Disaster management expert Nate Cooper is in Saint Lucia to assess damage from recent floods. He took a moment today to update us on his work from the national Red Cross headquarters in the city of Castries.
Saint Lucia was heavily impacted by Hurricane Tomas, which tore off roofs and caused a number of mudslides in this mountainous Caribbean country. More than two weeks after the hurricane, the deluge of heavy rain continues.
“We were going to one city today for a damage assessment,” Nate says, “and a landslide cut us off. Later, when trying to visit another, we were turned back by two landslides.”
Hurricane Tomas struck in late October, provoking landslides, damaging infrastructure and disrupting electricity, communications and water services. In response, the American Red Cross is providing $75,000 for shelter, as well as 3900 mosquito nets, 500 kitchen sets and 1,663 hygiene kits.
But clearly the disaster is not over. “I just heard on the radio that a number of communities that we responded to a few days ago are partially underwater again,” Nate explains.
The Saint Lucia Red Cross is assisting shelters today with food and water, and will re-assess damage tomorrow as the rains die down. In the meantime, about thirty school kids are spending the night in the headquarters of the Red Cross, unable to get back home.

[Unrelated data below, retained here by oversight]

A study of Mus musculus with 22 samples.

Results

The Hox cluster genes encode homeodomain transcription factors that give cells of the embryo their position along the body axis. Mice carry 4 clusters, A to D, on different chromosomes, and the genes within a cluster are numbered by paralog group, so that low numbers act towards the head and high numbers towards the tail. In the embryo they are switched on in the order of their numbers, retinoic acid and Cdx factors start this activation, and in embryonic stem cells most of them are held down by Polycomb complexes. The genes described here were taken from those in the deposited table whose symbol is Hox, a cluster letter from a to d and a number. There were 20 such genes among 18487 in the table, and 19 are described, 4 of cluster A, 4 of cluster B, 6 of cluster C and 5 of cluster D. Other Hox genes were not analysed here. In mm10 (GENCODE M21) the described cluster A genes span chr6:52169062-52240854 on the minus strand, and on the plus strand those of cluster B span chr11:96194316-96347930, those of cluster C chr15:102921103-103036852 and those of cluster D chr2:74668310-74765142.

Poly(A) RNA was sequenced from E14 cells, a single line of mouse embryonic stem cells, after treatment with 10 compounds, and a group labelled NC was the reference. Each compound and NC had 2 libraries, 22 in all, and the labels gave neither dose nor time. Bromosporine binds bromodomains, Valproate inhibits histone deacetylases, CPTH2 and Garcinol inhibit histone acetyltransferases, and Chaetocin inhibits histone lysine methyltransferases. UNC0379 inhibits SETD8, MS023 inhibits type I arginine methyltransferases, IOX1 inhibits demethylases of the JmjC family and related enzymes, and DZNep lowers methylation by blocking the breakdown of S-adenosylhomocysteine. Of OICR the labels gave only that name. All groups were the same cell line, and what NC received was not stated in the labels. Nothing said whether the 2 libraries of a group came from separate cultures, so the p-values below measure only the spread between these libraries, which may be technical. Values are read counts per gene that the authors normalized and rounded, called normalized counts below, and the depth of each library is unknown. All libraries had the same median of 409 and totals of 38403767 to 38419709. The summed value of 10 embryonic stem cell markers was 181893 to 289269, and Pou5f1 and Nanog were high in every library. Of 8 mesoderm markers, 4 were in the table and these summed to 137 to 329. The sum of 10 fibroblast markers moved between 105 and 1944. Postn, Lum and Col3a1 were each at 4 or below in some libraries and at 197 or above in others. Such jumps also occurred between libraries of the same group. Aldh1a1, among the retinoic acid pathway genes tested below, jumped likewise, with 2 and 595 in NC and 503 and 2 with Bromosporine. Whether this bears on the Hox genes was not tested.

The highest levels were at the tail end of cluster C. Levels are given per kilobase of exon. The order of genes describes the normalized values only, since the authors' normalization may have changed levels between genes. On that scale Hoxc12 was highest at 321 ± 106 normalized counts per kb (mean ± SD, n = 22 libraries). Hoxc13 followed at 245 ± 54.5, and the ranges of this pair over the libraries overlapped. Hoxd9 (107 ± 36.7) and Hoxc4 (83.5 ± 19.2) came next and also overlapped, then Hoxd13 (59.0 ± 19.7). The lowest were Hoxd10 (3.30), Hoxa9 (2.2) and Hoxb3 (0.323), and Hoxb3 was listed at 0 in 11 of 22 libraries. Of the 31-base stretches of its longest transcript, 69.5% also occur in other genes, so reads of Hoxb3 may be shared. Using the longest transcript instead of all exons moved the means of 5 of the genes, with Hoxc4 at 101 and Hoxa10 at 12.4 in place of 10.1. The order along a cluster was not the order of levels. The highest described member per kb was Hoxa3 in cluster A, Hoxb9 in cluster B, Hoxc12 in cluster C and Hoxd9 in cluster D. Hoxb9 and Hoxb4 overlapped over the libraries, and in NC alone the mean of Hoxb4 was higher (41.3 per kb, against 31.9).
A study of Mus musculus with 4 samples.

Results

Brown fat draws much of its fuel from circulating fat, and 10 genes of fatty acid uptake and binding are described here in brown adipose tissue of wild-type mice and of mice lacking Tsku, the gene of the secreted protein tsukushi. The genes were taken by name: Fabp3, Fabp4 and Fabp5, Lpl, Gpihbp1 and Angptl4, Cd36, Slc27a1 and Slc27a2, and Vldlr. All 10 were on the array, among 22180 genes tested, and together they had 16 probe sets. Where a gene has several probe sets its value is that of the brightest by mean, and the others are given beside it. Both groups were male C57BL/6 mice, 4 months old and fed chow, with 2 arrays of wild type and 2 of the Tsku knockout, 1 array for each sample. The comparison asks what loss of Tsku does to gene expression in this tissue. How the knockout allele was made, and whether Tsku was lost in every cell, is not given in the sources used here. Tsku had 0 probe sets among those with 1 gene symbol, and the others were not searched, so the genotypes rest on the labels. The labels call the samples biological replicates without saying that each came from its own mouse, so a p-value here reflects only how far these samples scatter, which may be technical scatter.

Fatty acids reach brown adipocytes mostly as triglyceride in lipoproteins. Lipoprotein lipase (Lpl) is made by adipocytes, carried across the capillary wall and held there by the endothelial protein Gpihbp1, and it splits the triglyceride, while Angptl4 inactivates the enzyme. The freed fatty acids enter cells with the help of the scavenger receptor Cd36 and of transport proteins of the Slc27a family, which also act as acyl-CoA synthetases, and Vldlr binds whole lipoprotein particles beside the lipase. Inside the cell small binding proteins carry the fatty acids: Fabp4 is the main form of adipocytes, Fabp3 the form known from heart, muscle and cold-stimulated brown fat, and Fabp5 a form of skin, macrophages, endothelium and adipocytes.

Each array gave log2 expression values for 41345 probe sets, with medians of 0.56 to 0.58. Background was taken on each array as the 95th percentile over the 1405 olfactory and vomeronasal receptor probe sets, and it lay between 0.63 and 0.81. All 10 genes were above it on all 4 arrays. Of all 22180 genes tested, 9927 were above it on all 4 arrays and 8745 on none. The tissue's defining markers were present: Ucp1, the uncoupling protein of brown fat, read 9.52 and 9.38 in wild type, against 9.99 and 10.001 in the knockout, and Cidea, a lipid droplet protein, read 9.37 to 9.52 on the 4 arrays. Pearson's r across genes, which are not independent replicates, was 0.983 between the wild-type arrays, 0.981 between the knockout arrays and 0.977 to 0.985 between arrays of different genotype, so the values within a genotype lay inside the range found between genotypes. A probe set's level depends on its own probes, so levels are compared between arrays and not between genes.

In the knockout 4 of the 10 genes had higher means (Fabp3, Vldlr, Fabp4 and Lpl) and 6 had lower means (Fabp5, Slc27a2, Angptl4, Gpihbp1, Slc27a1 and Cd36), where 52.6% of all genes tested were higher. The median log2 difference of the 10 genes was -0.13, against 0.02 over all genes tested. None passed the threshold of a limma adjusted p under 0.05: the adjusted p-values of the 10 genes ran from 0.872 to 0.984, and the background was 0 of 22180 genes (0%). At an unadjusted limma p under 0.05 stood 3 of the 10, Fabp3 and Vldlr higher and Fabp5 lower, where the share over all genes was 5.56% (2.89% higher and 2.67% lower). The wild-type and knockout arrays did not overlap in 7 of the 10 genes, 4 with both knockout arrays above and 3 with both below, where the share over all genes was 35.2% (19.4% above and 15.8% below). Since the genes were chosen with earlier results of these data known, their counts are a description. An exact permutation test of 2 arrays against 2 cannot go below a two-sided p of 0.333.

“Water is soaking the roads and flooding between houses. A lot of fallen trees have blocked up the river. We haven’t had a disaster like this in a long time.”
The silver lining? Thanks to a disaster preparedness project lead in part by the American Red Cross, Saint Lucia is better prepared for these storms.
“It’s impressive to see the difference over the last three years,” Nate says. “Trained community teams mobilize immediately, helping until the Red Cross arrives. In the twelve communities we have visited so far, we had already identified before these storms the exact risks that residents would face.”
Tomas hit Haiti a week after it struck Saint Lucia. Although it was much less severe than expected, it flooded areas in the southwest, killing 21 people and damaging over 1,000 homes. Learn here about Red Cross disaster preparedness and response work in Haiti.
The American Red Cross continues to monitor the situation and is prepared to offer additional support if needed.